Gene therapy for color blindness passes first phase of human testing
The results of a first human trial testing a gene therapy for complete color blindness have been published in the journal JAMA Ophthalmology. The research suggests the experimental gene therapy is safe, and potentially efficacious, opening the door to larger human trials in the future.
Total color blindness, or achromatopsia, is generally an inherited disease caused by mutations in one of six different genes, with the majority of cases involving variants in either the CNGA3 or CNGB3 genes. The new gene therapy being trialed focuses on correcting a defect in the CNGA3 gene.
The treatment is somewhat similar to one of the first FDA-approved gene therapies, for vision loss, called Luxturna. These treatments attach a healthy functioning gene to a genetically modified harmless virus. The treatment is injected into a patient’s eye and hopefully the correctly functioning gene begins producing whatever protein was previously missing, helping cure the condition caused by the defective gene.
In this new trial the researchers recruited nine patients with achromatopsia known to be linked to variants in CNGA3. The primary outcome of this first human trial was to measure the safety of the treatment, and all data suggests there were no major adverse effects from the experimental gene therapy.
“The experimental subjects suffered no drug-related health problems as a result, nor did their retinas show any permanent changes,” explains Dominik Fischer, head of the clinical study.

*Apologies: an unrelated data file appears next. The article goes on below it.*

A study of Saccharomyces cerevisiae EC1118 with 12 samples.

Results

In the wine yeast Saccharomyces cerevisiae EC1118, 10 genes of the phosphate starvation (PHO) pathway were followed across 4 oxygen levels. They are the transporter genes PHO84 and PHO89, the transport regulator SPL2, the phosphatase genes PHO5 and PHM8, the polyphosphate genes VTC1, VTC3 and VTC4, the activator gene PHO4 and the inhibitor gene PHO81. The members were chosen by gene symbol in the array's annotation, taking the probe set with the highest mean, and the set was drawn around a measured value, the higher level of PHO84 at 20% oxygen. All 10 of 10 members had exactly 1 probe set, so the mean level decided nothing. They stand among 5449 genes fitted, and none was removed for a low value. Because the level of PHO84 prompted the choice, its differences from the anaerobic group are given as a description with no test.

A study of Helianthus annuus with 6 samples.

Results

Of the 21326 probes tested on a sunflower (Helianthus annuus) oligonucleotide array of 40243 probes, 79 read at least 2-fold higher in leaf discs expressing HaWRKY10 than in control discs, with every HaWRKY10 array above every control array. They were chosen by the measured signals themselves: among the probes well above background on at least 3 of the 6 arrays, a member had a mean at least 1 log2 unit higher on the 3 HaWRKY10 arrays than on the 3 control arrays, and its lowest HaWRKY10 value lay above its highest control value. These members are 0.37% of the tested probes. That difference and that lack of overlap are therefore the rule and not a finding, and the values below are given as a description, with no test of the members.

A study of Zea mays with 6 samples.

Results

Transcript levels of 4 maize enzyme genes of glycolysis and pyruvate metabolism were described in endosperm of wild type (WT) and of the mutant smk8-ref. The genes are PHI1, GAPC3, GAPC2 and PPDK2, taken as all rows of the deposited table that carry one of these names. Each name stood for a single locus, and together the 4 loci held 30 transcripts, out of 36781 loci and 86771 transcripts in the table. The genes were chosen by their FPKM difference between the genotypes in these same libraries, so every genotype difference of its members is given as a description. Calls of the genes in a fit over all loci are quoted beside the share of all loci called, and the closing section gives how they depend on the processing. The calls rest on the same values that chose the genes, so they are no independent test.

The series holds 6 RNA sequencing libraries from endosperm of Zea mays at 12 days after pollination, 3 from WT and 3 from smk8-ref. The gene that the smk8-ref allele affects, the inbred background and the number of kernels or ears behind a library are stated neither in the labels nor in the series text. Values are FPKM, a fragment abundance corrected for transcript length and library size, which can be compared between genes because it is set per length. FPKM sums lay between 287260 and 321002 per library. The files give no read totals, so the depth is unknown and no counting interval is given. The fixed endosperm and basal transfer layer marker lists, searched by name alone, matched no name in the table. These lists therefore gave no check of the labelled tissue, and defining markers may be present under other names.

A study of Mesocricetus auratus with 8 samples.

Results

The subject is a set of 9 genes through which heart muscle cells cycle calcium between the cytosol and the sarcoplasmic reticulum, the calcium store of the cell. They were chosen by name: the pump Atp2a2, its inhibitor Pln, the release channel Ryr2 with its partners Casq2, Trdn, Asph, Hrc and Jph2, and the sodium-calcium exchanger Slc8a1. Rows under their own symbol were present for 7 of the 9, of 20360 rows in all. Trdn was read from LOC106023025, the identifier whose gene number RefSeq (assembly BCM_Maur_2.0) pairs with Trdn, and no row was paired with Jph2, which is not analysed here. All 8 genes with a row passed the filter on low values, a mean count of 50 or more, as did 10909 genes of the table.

The study did identify improvements in patients' vision, however, this efficacy result was only a secondary measure of the trial. The trial recruited adults with advanced disease to test safety, but the researchers suggest the treatment will likely be most effective if administered in childhood, as the visual cortex has yet to fully develop and the brain is still highly plastic.
“… the parts of the brain that process vision increasingly lose plasticity in adulthood,” says Marius Ueffing, one of the authors of the new study. “Since the brains of people with achromatopsia have never learned to process color information, they need at least some plasticity to translate the retina’s newly acquired ability to respond to colors into a real visual impression.”
As with Luxturna, this kind of gene therapy should be most effective if administered at a young age, so this first phase result paves the way for further tests in pediatric patients. It is suggested in the study the ideal age may be before a patient reaches approximately seven years old, as after that point the visual cortex has mostly developed and the primary structural loss of cone photoreceptors has taken place.
“Since the gene vectors used have proven to be safe, a follow-up study in pediatric CNGA3 patients is possible and useful,” suggests Stylianos Michalakis, another author on the study.
The new research was published in the journal JAMA Ophthalmology.